The Joint List was hoping to use the vote on the controversial citizenship Law to embarrass its rival Muslim coalition party Ra’am.
MENAHEM KAHANA/AFP via Getty Images

Just before leaving for spring recess on March 10, the Knesset approved Israel's controversial citizenship law with 45 for and 15 against. After almost nine months of debate, the new legislation effectively denies West Bank and Gaza Palestinians married to Israeli citizens from gaining citizenship or residency status.

After the vote, Interior Minister Ayelet Shaked said in a statement, “This is a Zionist law for our national security that should not have been abandoned for narrow politics.” She later celebrated with a victory tweet: “A Jewish and democratic state 1; a state for all its citizens 0.”

The law was originally adopted in 2003 as a temporary measure that was extended annually. Last July, the Bennett government brought it up for adoption as a regular law, only to see the bill defeated. In an effort to present unity within the coalition, most Meretz and Ra’am legislators did not vote against the bill, Still, the opposition succeeded in blocking it. While right-wing opposition parties led by former Prime Minister Benjamin Netanyahu supported the concept of the law, they were intent on embarrassing the coalition.

This time around, the coalition operated differently. Shaked worked together with Knesset member Simcha Rotman of the opposition Religious Zionist party to win support from Jewish members of the opposition. While Meretz and Ra’am opposed the bill this time, it passed.

The real drama, however, took place among the Arab parties. At first, the Joint List tried to turn the ballot into a confidence vote in the government, a situation that would have prevented Arab coalition party Ra’am from voting against the bill once again. It would have embarrassed Ra’am tremendously — the intention of the Joint List — but it did not work out. Then, the Joint List tried another tactic. At the last minute, Joint List senior Ahmad Tibi decided to challeng Ra’am leader Mansour Abbas. He called on Abbas and his party to join his Joint List in supporting measures to dissolve the Knesset and call yet another election. Again, it was intended to embarrass Abbas and Ra’am before the Arab community.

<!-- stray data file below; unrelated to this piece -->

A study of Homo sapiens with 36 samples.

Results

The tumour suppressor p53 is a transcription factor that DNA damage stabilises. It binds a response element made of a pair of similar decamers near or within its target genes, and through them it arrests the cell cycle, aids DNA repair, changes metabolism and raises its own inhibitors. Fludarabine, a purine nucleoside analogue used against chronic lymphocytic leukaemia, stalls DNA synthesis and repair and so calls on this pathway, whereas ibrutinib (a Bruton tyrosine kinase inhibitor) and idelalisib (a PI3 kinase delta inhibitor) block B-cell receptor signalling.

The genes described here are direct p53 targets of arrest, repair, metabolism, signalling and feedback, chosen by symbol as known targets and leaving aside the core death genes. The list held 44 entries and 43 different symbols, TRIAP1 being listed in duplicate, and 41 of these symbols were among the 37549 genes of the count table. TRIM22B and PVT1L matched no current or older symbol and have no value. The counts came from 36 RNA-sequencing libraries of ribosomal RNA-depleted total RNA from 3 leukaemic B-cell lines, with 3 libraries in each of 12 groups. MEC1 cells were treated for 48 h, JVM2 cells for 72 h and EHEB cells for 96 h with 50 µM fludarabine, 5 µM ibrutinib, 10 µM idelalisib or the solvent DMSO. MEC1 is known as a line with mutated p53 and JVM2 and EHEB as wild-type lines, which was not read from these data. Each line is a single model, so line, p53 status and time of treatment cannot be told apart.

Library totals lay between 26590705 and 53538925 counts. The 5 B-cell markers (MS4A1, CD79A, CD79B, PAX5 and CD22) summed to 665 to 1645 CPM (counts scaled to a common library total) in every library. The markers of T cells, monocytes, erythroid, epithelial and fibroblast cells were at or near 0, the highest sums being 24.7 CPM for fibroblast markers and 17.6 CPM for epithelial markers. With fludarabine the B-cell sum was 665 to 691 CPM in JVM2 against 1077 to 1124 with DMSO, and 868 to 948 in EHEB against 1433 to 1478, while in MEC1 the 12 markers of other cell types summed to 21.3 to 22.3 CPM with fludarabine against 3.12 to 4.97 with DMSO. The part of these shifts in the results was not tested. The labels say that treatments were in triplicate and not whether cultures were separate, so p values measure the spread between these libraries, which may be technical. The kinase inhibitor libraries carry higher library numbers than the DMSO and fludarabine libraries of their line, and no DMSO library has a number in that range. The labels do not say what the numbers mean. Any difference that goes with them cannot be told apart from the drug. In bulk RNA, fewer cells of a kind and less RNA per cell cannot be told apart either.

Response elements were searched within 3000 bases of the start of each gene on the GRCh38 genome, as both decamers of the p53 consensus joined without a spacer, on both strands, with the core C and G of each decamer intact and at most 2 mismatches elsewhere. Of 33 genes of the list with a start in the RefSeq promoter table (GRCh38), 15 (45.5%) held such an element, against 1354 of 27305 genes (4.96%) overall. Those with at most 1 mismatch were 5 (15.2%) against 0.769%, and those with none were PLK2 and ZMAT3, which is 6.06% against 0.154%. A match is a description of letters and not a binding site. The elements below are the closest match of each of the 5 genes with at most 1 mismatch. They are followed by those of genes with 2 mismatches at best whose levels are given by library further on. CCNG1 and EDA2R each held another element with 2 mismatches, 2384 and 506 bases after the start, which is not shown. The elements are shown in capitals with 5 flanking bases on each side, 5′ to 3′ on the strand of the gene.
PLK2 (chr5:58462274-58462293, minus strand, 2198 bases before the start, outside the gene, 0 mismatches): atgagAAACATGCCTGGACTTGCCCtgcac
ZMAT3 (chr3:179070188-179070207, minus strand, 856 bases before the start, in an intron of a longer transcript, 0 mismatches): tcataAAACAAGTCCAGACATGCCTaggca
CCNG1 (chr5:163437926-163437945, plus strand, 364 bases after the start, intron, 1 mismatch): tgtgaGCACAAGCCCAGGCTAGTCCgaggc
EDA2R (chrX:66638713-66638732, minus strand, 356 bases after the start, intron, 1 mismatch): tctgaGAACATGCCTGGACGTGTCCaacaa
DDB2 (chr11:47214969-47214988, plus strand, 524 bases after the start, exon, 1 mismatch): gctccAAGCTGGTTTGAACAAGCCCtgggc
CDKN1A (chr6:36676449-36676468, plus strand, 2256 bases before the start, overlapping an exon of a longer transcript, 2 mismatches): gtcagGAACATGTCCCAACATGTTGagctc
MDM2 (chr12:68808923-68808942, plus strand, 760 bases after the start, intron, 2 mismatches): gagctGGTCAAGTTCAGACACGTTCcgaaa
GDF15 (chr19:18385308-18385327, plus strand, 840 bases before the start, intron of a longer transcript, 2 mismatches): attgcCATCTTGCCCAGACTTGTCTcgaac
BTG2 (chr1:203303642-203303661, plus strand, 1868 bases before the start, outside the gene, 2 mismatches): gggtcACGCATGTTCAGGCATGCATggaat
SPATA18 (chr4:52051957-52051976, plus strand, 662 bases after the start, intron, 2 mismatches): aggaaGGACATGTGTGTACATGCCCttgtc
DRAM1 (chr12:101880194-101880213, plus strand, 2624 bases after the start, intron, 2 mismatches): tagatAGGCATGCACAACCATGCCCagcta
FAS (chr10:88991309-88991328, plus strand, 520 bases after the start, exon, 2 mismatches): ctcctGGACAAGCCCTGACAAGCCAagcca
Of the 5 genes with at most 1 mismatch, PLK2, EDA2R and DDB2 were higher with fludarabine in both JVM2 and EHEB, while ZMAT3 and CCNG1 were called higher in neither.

The last-minute move generated a heated dispute in the Knesset plenum. Though Abbas opposed the citizenship law, he announced that he would not support the dissolution of the Knesset and would oppose any such proposed legislation. He attacked Tibi and the Joint List, saying, “Dr. Ahmad Tibi, at our last meeting with the Joint list, I was given to understand from you and [Joint List chair] Ayman Odeh that your goal will always be to dissolve every Knesset and take down every government. In Ra’am, our goal is to serve all of Arab society and society in general. Dr. Tibi, it is not the fate of Arab society for hundreds of thousands of people to vote just so that you and your friends have jobs in the Knesset. We are trying a new path. We want to give it an opportunity. We will do everything we can to meet the interests of Arab society.”

Abbas' remarks stunned the members of the Joint List, especially with Abbas' mention of the very sensitive issue of access to political office. Arab voters frequently accuse the Joint List of keeping the party a private club that keeps any other Arab candidates from running for the Knesset.

Despite pressure to respond to Abbas’s charges, the Joint List waited until the next day to release a video on social media accusing Abbas of being responsible for the passage of the citizenship law. In it, they argued, “Ra’am under Abbas chose the current government over women and children who are victims of the law to prevent the reunification of families,” as they call it in Arabic.

Ra’am responded by asking the Arab sector to be wary of rumors. They said that the party “voted against the government on the citizenship law and still stands for the cause of reuniting families and improving their legal status.” In an interview with Channel 12, Abbas took it a step further, saying, “On one hand, we have the issue of family reunification, while on the other, we have the unrecognized [Bedouin] villages in the Negev, the problem of crime and violence [in Arab towns and villages], the lack of housing and more. When we want to make a decision, we take all of this into consideration and decide accordingly.” His clear message was that right now it is preferable to focus on other issues of concern to Arab society that can be advanced by the current government, and that this leverage is preferable to bringing down the government for a single issue.

His words described the new approach Ra’am emphasized in the last election. Politics is not all or nothing. The party may not get everything it wants, but it will be able to achieve more as part of the coalition than in the opposition.